Ali Al Zabi and Tareq Amro live very different lives in very different countries. Ali, 35, is an Emirati with learning difficulties, who is part-way through a course and internship that he hopes will help him to secure a job in Abu Dhabi, assisting other people with disabilities. Tareq is a doctor from the West Bank, who studied medicine in Poland. He’s recently received tutoring to help him pass the Palestinian board exams, allowing him to practice in his home country.
Both are benefiting from training made possible by impact bonds, an innovative financing tool designed to provide fast funding for chronic social and economic problems.
These bonds enable private money to be funnelled into projects usually paid for by governments or charities – and their returns hinge on whether the projects achieve predetermined results. Investors may get nothing if programmes fail to meet their targets, or a premium payout if results are better than expected.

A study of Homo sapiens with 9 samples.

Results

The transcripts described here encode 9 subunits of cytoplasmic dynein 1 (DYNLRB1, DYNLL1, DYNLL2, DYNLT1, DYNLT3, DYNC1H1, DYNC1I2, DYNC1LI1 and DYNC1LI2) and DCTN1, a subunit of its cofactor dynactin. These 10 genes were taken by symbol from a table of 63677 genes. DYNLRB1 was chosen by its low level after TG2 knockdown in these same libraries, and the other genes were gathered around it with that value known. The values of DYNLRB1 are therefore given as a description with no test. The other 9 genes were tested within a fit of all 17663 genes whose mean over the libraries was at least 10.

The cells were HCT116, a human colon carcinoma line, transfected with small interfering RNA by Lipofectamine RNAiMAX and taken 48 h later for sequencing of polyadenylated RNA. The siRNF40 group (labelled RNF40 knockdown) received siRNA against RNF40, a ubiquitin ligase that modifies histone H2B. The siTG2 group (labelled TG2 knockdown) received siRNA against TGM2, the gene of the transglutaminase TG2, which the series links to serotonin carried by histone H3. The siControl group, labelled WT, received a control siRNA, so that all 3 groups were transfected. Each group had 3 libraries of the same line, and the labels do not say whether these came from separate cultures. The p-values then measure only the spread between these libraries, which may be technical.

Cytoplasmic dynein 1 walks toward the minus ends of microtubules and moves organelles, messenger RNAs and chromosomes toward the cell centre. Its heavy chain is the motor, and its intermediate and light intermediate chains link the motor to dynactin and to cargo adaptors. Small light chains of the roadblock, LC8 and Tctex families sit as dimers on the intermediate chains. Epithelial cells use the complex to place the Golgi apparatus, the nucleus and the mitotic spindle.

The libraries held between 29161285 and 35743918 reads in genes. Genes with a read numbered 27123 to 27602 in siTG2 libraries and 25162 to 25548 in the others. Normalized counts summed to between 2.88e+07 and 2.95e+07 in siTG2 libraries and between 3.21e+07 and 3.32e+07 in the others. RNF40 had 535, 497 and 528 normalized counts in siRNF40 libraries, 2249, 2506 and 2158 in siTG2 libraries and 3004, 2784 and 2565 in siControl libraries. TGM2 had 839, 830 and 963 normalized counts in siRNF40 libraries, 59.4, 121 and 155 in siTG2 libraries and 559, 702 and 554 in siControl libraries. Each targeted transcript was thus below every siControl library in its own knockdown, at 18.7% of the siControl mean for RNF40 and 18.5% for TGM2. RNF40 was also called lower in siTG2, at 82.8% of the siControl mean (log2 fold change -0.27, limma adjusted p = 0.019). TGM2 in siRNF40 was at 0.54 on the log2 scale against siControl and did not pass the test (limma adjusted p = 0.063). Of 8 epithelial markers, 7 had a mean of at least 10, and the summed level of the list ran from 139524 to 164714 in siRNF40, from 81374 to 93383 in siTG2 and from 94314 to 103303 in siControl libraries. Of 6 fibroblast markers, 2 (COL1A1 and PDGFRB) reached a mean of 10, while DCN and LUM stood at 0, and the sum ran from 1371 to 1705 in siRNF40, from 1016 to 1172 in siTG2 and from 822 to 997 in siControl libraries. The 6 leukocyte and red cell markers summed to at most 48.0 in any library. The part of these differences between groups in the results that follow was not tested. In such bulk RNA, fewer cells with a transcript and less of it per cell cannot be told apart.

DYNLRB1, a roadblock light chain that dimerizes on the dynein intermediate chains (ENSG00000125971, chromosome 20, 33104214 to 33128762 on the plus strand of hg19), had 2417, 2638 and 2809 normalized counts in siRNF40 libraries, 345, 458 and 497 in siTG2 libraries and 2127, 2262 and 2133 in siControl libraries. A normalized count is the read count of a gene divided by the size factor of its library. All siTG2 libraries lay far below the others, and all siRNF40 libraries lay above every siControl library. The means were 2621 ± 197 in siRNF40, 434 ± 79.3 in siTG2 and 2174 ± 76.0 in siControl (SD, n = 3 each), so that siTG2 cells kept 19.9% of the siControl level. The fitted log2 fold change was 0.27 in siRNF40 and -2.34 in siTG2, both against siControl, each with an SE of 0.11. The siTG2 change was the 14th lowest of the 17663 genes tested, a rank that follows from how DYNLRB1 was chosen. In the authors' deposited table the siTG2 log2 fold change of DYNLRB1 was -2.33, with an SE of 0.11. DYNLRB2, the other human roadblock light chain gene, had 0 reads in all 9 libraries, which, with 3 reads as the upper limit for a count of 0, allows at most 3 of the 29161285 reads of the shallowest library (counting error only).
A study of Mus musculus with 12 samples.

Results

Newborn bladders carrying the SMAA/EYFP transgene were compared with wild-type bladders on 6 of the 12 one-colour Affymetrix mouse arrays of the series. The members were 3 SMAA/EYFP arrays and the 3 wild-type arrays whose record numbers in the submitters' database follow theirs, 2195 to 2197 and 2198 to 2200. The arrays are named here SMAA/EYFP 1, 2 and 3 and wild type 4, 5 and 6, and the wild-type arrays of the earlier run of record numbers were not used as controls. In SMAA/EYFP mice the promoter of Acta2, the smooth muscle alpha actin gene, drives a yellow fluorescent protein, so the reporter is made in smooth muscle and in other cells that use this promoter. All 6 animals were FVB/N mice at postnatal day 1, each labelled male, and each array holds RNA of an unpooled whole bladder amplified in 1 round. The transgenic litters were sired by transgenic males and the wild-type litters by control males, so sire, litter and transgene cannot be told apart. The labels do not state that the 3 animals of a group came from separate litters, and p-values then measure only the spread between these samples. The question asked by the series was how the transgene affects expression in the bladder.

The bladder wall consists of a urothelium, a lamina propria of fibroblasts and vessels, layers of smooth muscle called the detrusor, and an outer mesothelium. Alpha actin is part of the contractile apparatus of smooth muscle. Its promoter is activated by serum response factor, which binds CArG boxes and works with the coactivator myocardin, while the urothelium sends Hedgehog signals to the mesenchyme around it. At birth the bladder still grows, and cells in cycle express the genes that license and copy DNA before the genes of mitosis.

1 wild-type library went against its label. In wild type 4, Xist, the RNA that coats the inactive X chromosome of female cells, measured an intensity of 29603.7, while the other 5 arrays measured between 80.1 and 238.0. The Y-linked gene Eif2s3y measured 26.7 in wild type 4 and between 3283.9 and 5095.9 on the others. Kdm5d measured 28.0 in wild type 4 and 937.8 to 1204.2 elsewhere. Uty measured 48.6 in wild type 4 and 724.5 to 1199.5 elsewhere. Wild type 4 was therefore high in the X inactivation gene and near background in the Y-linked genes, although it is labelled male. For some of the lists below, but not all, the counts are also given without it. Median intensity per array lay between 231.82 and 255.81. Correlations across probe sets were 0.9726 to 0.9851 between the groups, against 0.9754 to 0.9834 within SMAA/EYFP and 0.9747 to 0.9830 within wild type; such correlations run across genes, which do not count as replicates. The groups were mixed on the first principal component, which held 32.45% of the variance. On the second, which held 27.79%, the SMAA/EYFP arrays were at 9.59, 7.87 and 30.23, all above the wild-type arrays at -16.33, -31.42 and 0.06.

Over the last decade, development and social impact bonds – or DIBs and SIBs for short – have been rolled out across more than 30 countries, to the benefit of more than 2 million people.
Projects past and present have included improving maternal and child health in India and Cameroon; tackling joblessness in Colombia, South Africa and Argentina; reducing rough sleeping and prisoner reoffending in the UK; and supporting sustainable cocoa and coffee farming in Peru.
Take-up so far has largely come from philanthropists, foundations and impact investors.
Proponents say the bonds have the potential to revolutionise social service delivery, not only by opening up new sources of investment, but by focusing on results rather than services. With private money there is also more scope to experiment and, if successful, scale projects quickly for wide-reaching impact.